How Werner Herzog continues to propel the documentary into an art form

How Werner Herzog continues to propel the documentary into an art form

Not too long ago, the documentary was viewed as a stale genre. All too often, the general public dismissed documentaries as being uptight, boring, and formulaic. Pretty much everyone over 30 remembers falling asleep in class to some treatise on how milk is made or how the pioneers ate nails and hardtack.

What happened then to change that perception? Documentaries are commonly touted as some of the best films of the year now by critics and the public alike. Part of this shift in opinion was due to films from documentarists like Werner Herzog, who shocked the world with his non-traditional takes on the genre.

Herzog is incredibly prolific and has been active since the early 1960s. However, many first heard his name with the 2005 documentary “Grizzly Man”, which covers the last days of environmentalist Timothy Treadwell and his girlfriend Amie Huguenard. Herzog’s approach, unlike many documentaries covering a tragedy, wasn’t to portray Treadwell as a victim.

Instead of focusing on Treadwell’s death, “Grizzly Man” weaves a narrative that builds familiarity with his life, beliefs, and relationship with the bears he loved. Through a masterful blend of Treadwell’s own extensive footage archive and interviews with friends and professionals, Herzog lets us become attached to Treadwell in a way rarely seen in documentaries.

By the time the topic of his death is discussed in detail, you feel like you know Treadwell, which gives “Grizzly Man” an incredible impact that a more focused approach would have prevented. Furthermore, Herzog presents both interpretations of Treadwell. That he was misguided and had been warned by park officials, and that he was a passionate environmentalist who had a deep love for nature and bears. This gives the audience the ability to determine for themselves what the truth behind “Grizzly Man” is rather than just having it dictated to them. The examination of Treadwell’s story gives the man justice by portraying him as three-dimensional and doesn’t just reduce his existence to the incident that led to his death.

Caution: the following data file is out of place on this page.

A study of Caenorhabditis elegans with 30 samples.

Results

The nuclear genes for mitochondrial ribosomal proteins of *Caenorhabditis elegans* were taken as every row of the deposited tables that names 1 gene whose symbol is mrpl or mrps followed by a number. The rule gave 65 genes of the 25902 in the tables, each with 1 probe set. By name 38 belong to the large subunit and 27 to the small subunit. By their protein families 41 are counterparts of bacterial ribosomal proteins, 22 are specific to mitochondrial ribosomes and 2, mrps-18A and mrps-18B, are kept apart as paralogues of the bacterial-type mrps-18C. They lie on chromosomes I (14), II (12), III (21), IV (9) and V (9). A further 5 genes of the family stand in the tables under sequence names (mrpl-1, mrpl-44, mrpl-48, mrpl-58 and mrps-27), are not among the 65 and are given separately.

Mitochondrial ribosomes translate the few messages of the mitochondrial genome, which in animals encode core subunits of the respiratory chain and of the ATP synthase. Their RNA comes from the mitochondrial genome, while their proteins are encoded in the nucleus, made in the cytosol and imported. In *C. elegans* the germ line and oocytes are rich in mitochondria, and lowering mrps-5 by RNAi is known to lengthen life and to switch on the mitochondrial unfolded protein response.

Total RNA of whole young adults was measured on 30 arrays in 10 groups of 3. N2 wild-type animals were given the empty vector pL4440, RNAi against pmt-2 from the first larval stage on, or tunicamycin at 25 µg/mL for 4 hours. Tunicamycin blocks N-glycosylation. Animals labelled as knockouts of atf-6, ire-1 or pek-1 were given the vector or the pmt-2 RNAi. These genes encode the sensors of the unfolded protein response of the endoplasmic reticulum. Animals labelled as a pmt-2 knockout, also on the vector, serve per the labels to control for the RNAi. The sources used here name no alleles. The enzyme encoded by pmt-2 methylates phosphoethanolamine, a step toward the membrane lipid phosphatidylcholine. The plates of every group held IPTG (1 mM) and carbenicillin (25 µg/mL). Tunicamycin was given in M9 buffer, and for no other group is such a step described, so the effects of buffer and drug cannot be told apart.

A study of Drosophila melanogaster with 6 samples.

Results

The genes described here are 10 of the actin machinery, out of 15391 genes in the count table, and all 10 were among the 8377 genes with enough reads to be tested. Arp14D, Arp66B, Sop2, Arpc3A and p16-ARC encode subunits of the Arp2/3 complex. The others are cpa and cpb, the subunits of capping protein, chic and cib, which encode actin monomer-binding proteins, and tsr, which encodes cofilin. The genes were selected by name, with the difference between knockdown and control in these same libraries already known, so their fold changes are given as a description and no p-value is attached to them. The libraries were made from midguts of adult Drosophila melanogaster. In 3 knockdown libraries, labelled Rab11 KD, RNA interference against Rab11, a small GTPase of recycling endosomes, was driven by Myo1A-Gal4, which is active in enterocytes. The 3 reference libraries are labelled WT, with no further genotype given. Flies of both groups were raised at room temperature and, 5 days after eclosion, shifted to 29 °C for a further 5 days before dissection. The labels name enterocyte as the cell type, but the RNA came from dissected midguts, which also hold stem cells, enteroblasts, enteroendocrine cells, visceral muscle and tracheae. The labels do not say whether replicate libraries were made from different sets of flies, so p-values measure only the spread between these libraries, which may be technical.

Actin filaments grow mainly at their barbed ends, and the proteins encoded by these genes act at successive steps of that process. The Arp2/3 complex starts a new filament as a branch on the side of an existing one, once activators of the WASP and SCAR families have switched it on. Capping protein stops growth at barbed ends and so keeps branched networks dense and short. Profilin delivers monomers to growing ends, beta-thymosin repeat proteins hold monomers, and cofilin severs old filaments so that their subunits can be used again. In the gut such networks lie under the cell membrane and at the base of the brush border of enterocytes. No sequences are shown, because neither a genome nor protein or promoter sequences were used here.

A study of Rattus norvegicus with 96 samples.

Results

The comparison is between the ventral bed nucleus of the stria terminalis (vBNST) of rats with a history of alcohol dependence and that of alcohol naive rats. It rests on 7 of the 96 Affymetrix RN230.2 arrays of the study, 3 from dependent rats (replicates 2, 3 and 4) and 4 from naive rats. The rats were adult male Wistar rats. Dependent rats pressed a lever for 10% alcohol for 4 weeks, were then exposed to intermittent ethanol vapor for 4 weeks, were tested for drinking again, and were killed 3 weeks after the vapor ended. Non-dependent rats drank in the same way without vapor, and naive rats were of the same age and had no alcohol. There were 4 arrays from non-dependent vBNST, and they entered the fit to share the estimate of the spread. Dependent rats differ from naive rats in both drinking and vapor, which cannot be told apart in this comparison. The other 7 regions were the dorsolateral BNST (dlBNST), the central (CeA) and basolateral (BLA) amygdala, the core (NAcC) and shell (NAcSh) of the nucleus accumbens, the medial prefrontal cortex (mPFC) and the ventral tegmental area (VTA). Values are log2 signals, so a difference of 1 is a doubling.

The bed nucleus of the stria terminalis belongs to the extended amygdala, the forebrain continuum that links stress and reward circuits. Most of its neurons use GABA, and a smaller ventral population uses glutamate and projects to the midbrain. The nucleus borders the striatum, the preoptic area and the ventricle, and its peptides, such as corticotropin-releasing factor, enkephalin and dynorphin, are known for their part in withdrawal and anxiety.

The success of “Grizzly Man” is that it’s presented in a way that’s easy to consume. It gives you all the information you need in narrative form. The film tells a true story in a way that informs the audience and makes them care, which is a hallmark that many documentaries lack.

While “Grizzly Man” can’t be solely credited with the improved acceptance of documentaries, it has definitely been influential. The perception of the documentary as entertainment and not just education is a relatively new trend. Whether it was caused by “Grizzly Man” or if the film was simply bolstered by the direction is anyone’s guess, but it was immensely successful for a work of the genre and continues to be recognized as a masterpiece 15 years after its release.

Herzog’s documentaries since “Grizzly Man” haven’t been as widely acclaimed, but they’ve still been highly entertaining and very experimental. His latest, “Nomad: In the Footsteps of Bruce Chatwin,” is about the famous English travel writer, novelist, and journalist, who was also friends with Herzog. Once again, Herzog takes a very unusual format for a documentary.

Chatwin was one of the first high-profile British citizens to succumb to AIDS. However, unlike “Grizzly Man”, which builds up to the Treadwell incident in primarily chronological form, “Nomad: In the Footsteps of Bruce Chatwin” is presented as a celebration of the man’s life.

“Nomad” is split into eight chapters in which Herzog recounts Chatwin’s life and visits friends, loved ones, and others who talk about his life and art. Herzog’s method of constructing “Nomad” is incredibly respectful of his friend. Though the last chapter, Herzog speaks on Chatwin’s sexuality, personal life, and illness, he avoids making AIDS the primary focus of the piece.

Those who lived through the AIDS crisis in the 80s and 90s know how individuals living with the disease were feared and vilified. Chatwin avoided publicly discussing his illness because he feared the reaction people would have to him and his family. We’ve come a long way since then, but Herzog seems to, in a way, be honoring his friend’s wishes.

Though we’ve only covered two of Werner Herzog’s documentaries in detail here, his entire catalog is worth perusing. He continues to break the mold of what a documentary can be with each film, and has brought the form to the attention of millions the world over.